Here's Rabbi Michael Broyde's excellent treatment of the subject, in which he permits observance of Thanksgiving (according to many) but prohibits Halloween, out of our prohibition of imitating heathen-inspired rituals. This matches the practice I've seen observed (at both lay and rabbinic levels) in mainstream Orthodox communities wherever I've been in America. (And while I can't vouch for Canada, I'd think the US is the country that most secularizes Halloween.)
Handing out treats to kids who show up at the door is a different question (addressed by Rabbi Broyde as well); between rabbinic writings, what I've seen done in practice by the lay population, and what is recorded as practiced by twentieth-century rabbinic leaders such Rabbis Avraham Pam and Yaakov Kaminetsky, it's certainly defensible (if not outright appropriate) to do so.
Here's Rabbi Broyde:
Based on this, in order to justify candy collection on halloween, one would have to accepts the truthfulness of any of the following assertions:
1] Halloween celebrations have a secular origin.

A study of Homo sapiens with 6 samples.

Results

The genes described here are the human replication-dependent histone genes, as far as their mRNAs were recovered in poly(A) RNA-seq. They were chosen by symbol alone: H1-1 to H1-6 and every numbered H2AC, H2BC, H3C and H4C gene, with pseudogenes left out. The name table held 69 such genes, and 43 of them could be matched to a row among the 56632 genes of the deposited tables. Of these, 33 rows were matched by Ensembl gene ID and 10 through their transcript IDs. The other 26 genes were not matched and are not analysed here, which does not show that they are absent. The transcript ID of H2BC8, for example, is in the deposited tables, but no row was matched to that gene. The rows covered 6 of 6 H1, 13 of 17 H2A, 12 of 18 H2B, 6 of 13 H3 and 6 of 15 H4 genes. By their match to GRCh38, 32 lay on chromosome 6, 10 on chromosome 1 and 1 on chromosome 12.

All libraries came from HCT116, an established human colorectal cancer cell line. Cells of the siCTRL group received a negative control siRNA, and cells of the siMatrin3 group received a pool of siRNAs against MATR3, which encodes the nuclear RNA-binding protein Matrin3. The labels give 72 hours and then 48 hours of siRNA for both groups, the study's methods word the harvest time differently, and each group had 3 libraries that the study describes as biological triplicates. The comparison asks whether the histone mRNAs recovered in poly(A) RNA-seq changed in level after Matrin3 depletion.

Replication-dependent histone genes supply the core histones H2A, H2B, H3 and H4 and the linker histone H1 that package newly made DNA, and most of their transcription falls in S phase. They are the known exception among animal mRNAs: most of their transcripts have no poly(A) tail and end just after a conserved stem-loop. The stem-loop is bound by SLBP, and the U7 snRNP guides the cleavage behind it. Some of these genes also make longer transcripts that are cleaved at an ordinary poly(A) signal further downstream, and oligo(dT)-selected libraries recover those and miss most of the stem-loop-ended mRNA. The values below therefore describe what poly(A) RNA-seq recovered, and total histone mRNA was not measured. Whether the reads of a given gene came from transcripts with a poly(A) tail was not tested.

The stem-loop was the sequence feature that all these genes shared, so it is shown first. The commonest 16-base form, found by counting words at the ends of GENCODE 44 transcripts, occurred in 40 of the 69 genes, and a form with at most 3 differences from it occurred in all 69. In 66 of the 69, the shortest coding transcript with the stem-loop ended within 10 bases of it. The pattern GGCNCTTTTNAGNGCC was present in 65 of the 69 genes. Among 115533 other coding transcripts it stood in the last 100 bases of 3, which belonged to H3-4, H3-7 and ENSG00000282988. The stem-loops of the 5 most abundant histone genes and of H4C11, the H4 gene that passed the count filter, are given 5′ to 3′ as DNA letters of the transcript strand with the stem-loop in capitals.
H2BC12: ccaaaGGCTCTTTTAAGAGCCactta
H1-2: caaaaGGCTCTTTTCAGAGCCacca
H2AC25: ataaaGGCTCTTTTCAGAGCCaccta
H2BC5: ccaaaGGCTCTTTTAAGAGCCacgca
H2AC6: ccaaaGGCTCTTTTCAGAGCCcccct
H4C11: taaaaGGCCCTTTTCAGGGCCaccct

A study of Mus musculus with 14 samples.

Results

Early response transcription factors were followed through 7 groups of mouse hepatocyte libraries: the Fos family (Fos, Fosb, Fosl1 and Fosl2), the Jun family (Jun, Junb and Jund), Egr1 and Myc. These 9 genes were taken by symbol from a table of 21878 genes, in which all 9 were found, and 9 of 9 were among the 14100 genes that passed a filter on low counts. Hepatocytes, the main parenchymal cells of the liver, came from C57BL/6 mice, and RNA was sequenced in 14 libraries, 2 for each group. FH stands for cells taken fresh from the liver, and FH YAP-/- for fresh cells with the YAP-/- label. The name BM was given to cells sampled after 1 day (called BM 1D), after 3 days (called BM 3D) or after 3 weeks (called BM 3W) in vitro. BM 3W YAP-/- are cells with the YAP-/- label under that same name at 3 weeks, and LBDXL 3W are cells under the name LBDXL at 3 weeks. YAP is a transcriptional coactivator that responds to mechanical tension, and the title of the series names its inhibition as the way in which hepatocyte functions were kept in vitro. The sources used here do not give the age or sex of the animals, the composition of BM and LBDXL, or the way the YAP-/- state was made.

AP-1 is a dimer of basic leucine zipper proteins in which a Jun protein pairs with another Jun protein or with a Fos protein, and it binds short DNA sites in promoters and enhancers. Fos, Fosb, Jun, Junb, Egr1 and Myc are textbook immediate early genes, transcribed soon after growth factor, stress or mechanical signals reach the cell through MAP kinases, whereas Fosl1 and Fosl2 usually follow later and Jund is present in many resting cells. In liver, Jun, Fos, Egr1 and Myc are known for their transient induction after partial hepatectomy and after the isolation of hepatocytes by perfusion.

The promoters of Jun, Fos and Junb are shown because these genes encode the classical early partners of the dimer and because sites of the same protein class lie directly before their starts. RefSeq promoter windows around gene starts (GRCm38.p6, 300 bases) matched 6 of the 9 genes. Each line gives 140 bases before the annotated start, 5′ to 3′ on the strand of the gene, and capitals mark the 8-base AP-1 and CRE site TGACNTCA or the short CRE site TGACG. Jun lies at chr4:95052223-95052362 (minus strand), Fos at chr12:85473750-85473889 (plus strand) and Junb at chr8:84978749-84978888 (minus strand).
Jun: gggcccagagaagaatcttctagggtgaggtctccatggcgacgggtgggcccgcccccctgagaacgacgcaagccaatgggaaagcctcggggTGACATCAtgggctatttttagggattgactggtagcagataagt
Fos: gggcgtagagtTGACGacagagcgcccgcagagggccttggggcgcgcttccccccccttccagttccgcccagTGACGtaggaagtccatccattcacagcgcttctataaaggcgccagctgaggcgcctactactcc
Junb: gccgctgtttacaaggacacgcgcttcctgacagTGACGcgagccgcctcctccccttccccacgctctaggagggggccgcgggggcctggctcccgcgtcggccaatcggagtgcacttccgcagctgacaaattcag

2] The conduct of the individuals "celebrating Halloween" can be rationally explained independent of Halloween.
3] The pagan origins of Halloween or the Catholic response to it are so deeply hidden that they have disappeared, and the celebrations con be attributed to some secular source or reason.
4] The activities memorialized by Halloween are actually consistent with the Jewish tradition.
I believe that none of these statements are true.
Applying these halachic rules to Halloween leads to the conclusion that participation in Halloween celebrations -- which is what collecting candy is when one is wearing a costume -- is prohibited. Halloween, since it has its origins in a pagan practice, and lacks any overt rationale reason for its celebration other than its pagan origins or the Catholic response to it, is governed by the statement of Rabbi Isserless that such conduct is prohibited as its origins taint it. (76) One should not send one's children out to trick or treat on Halloween, or otherwise celebrate the holiday.